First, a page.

Garth Cartwright Top Ten
RECKLESS TOP 10
Garth Cartwright is a London-based journalist, critic and author – as 2 of his books, Going For A Song: A Chronicle of the UK Record Shop and London’s Record Shops, feature Reckless we asked this longtime customer for his Top 10. “I arrived in London in 1991 and immediately started frequenting Berwick Street,” says Garth. “Back then there were so many different record shops but Reckless was always my favourite – so many gems to be found here. All these years on and I still drop in on Reckless every time I venture into Soho (and, invariably, I find an LP or 45 or 78 or CD that takes my interest). So, for this Top 10, I’ve chosen ten memorable purchases I’ve made in Reckless.”
1. FATBACK BAND – KEEP ON STEPPIN’ LP
Prior to picking up Keep On Steppin’ I’d always pegged Fatback as a singles band – how wrong could I be? This album is a street funk classic, very loose, the sound of a band who know how to groove. When I see Best Album lists and they contain the Stone Roses and Radiohead and such I shake my head and think how one blast of Wicky Wacky would shake such listings up.
2 THE OUTCASTS – SELF CONSCIOUS OVER YOU 45
I’ve loved Belfast punk since I was a kid but, growing up in NZ, we had no access to 45s on the Good Vibrations label. Finding this diamond in Reckless one afternoon really made my day – so much so I reproduced the cover in Going For A Song and got the band to sign the 45 when I met them.
3. CLIFTON CHENIER – BOGALUSA BOOGIE LP
I’m a huge fan of what these days get labelled as “American roots music” and Clifton Chenier, the late pioneer of zydeco, made remarkable music. His best releases were on Arhoolie, Chris Strachwitz’s label devoted to US vernacular music, and this 1975 album might be his finest effort. A Louisiana swamp boogie party!
4. JOHN ANDERSON – I JUST CAME HOME TO COUNT THE MEMORIES LP
John Anderson was one of the new honky tonk country singers who broke through in the 1970s after the success of Willie and Waylon. He’s never meant much beyond his US fanbase but did make some fine albums and finding this 1981 effort for a few pounds made me a happy bunny.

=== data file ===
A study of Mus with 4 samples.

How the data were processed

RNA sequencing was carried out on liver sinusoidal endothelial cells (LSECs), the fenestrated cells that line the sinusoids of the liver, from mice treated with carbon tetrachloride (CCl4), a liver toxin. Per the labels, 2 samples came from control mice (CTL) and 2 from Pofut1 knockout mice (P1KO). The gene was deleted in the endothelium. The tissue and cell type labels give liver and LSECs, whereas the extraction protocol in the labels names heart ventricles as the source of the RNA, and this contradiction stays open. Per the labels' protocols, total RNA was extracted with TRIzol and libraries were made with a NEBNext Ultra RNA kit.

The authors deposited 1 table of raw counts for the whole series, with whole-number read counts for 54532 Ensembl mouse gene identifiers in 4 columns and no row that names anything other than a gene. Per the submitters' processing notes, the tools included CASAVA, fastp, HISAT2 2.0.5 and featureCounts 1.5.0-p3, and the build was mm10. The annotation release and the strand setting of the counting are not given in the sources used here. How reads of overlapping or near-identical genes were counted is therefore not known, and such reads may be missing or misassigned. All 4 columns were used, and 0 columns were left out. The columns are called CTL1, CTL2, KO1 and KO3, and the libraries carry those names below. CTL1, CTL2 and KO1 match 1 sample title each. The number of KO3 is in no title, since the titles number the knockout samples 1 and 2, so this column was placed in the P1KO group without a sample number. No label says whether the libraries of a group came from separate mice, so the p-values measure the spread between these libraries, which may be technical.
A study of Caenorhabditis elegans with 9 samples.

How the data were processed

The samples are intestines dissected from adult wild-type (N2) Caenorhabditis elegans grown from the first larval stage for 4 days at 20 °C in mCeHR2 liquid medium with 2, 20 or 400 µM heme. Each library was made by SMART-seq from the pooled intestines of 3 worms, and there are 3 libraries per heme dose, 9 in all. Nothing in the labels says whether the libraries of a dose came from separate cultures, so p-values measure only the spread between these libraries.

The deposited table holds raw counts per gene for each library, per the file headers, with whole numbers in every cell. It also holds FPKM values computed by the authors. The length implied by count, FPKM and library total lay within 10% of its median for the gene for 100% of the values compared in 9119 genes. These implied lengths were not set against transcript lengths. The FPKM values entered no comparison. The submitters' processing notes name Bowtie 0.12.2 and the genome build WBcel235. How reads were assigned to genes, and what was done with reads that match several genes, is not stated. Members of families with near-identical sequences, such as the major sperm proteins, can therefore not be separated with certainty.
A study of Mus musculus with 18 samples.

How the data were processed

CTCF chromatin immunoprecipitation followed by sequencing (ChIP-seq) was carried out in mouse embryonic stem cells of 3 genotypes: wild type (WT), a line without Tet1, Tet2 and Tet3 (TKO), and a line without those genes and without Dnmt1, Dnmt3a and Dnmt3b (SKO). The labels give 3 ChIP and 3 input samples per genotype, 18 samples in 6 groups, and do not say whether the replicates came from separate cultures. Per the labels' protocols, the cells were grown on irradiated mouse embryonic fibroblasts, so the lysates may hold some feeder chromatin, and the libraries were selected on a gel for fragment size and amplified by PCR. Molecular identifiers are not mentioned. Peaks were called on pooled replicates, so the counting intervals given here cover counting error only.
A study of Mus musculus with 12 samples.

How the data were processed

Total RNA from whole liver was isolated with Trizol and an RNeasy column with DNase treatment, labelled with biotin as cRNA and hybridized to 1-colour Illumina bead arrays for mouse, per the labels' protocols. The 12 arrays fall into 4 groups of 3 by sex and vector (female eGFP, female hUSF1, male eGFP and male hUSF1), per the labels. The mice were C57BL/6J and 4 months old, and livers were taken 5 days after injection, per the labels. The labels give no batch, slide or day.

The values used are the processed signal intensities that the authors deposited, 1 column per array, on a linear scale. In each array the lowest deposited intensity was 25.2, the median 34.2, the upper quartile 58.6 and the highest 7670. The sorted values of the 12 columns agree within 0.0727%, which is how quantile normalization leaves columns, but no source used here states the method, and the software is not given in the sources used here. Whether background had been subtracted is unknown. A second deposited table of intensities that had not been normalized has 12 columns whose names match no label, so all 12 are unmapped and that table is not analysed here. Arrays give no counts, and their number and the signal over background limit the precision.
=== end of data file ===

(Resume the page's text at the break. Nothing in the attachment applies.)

5. MEMPHIS MINNIE – BUMBLE BEE 78
Duncan at Reckless used to give me a call when they got 78s in and I’d come and trawl through, finding all kind of wonders. This 1930 78 by the pioneering blues singer and guitarist is in really rough condition – no matter: I’m happy just to own a historic artefact and wonder about those who listened to this shellac marvel before me.
6. LEE MORGAN – SIDEWINDER LP
I’d owned the CD of the album that broke Lee Morgan big for many years so was happy to find a nice pressing in Reckless. One of the Blue Note classics we all should appreciate.
7. KENNY GRAHAM AND HIS SATELlITES – MOONDOG AND SUNCAT SUITES LP
Originally issued in 1957, I purchased the Trunk Records reissue of this seminal British jazz LP – even the reissue is not that common so this was a find.
8. ONYEKA ONWANU – ONE LOVE LP
My partner’s Nigerian so when I first took her to Reckless I suggested she look in the African LP bin. There she found this LP by Onyeka, apparently a friend of her late father’s. Thus I had to purchase it for her.
9, LITTLE JOHNNY TAYLOR – EVERYBODY KNOWS ABOUT MY GOOD THING LP
My last visit to Reckless in 2022 saw me purchase this LP – I knew the title track and nothing else but, on listening at home, found I’d purchased a Southern Soul classic: great songs, band and singer. Issued on Ronn in 1972 and sounding superb some 50 years on.
10. GOODBYE BABYLON BOX SET
This six-CD box set (wooden box!) of early US spirituals/gospel is one of those obsessive musical anthropology projects the mighty Dust to Digital label specialise in. And I found my box at Reckless, a shop I consider the UK’s finest and one whose staff I count as friends.